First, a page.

Eddie Baggs: Cut tilling to conserve water


With a record drought upon us and next year's forecast not looking any better, producers are searching for ways to conserve soil moisture.

Producers can take out a loan to buy high-price diesel fuel, fertilizers and drought-tolerant seed, but no amount of money can buy rainfall.

Reducing tillage on the 60,000-plus acres under cultivation annually in Denton County could impact the bottom line for many growers while conserving the natural state of the soil and its longevity.

With reduced tillage, less organic matter is lost through decomposition. When soils are tilled, oxygen is increased in the soil and organic material is buried, enabling soil microbes to more rapidly decompose or "eat" the plant material.

A long-term benefit of reduced tillage is an increase in soil organic matter, microbes and earthworms. Residue left on the soil surface also promotes water infiltration and moisture storage. Reducing runoff can allow greater amounts of water to infiltrate the soil and less water to evaporate.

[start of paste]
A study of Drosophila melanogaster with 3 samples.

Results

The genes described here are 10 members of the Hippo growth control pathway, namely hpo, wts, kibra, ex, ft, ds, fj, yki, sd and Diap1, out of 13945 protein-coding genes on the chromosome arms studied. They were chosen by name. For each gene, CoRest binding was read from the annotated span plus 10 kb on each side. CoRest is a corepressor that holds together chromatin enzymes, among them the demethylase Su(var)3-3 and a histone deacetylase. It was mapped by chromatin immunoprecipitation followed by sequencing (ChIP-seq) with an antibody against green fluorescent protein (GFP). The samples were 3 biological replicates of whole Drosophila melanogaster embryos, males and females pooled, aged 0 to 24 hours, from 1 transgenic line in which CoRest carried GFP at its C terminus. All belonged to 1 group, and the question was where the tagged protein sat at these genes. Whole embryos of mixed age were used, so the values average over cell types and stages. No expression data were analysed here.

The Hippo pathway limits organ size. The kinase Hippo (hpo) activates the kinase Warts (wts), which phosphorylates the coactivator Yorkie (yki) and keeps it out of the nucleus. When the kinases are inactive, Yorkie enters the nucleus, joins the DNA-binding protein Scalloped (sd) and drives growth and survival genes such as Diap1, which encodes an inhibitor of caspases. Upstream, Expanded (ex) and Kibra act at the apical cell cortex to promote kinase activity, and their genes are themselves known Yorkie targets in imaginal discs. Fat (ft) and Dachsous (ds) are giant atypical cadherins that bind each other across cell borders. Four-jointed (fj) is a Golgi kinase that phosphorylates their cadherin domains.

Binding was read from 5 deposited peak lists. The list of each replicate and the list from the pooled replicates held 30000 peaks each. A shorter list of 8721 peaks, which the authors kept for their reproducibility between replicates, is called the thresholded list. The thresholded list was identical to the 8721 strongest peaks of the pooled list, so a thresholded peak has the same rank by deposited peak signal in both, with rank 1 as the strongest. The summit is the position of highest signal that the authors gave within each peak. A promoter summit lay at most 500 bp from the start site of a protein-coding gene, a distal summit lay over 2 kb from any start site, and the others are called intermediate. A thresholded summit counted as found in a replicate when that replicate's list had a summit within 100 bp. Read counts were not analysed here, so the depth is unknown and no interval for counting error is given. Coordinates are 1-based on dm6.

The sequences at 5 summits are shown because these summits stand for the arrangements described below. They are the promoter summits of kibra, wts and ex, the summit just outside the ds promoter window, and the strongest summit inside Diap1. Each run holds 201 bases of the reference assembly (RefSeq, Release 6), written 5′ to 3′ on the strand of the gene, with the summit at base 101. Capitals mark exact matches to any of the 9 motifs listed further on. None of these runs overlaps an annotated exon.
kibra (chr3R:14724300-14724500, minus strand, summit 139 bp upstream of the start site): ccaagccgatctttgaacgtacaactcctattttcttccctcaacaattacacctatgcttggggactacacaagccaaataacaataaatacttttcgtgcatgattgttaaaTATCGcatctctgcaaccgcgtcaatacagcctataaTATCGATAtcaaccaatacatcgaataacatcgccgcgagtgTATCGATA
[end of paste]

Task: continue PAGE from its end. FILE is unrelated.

One to 3 inches of water can be saved just by reducing soil moisture evaporation or drying from conventional tillage practices.

The economic advantages are obvious, including reduced equipment cost, less maintenance and repairs, increased equipment life, decreased fuel cost and reduced labor input.

However, not all things are equal in conservation tillage land. The producer must accept a new production philosophy. What is done at harvest will greatly impact the condition of the field for next spring's planting. The producer must have an increased awareness of weeds and knowledge of herbicides, and may need to purchase a no-till planter, spray equipment and fertilizer attachments.

Research has shown that crops can be grown successfully without as much tillage as previously thought. This reduced tillage method is not without problems, but the reduced cost and environmental impact with higher returns prove to be worth the effort for long-term soil and water conservation.

EDDIE BAGGS, extension agent with the Texas AgriLife Extension office in Denton County, can be reached at 940-349-2880.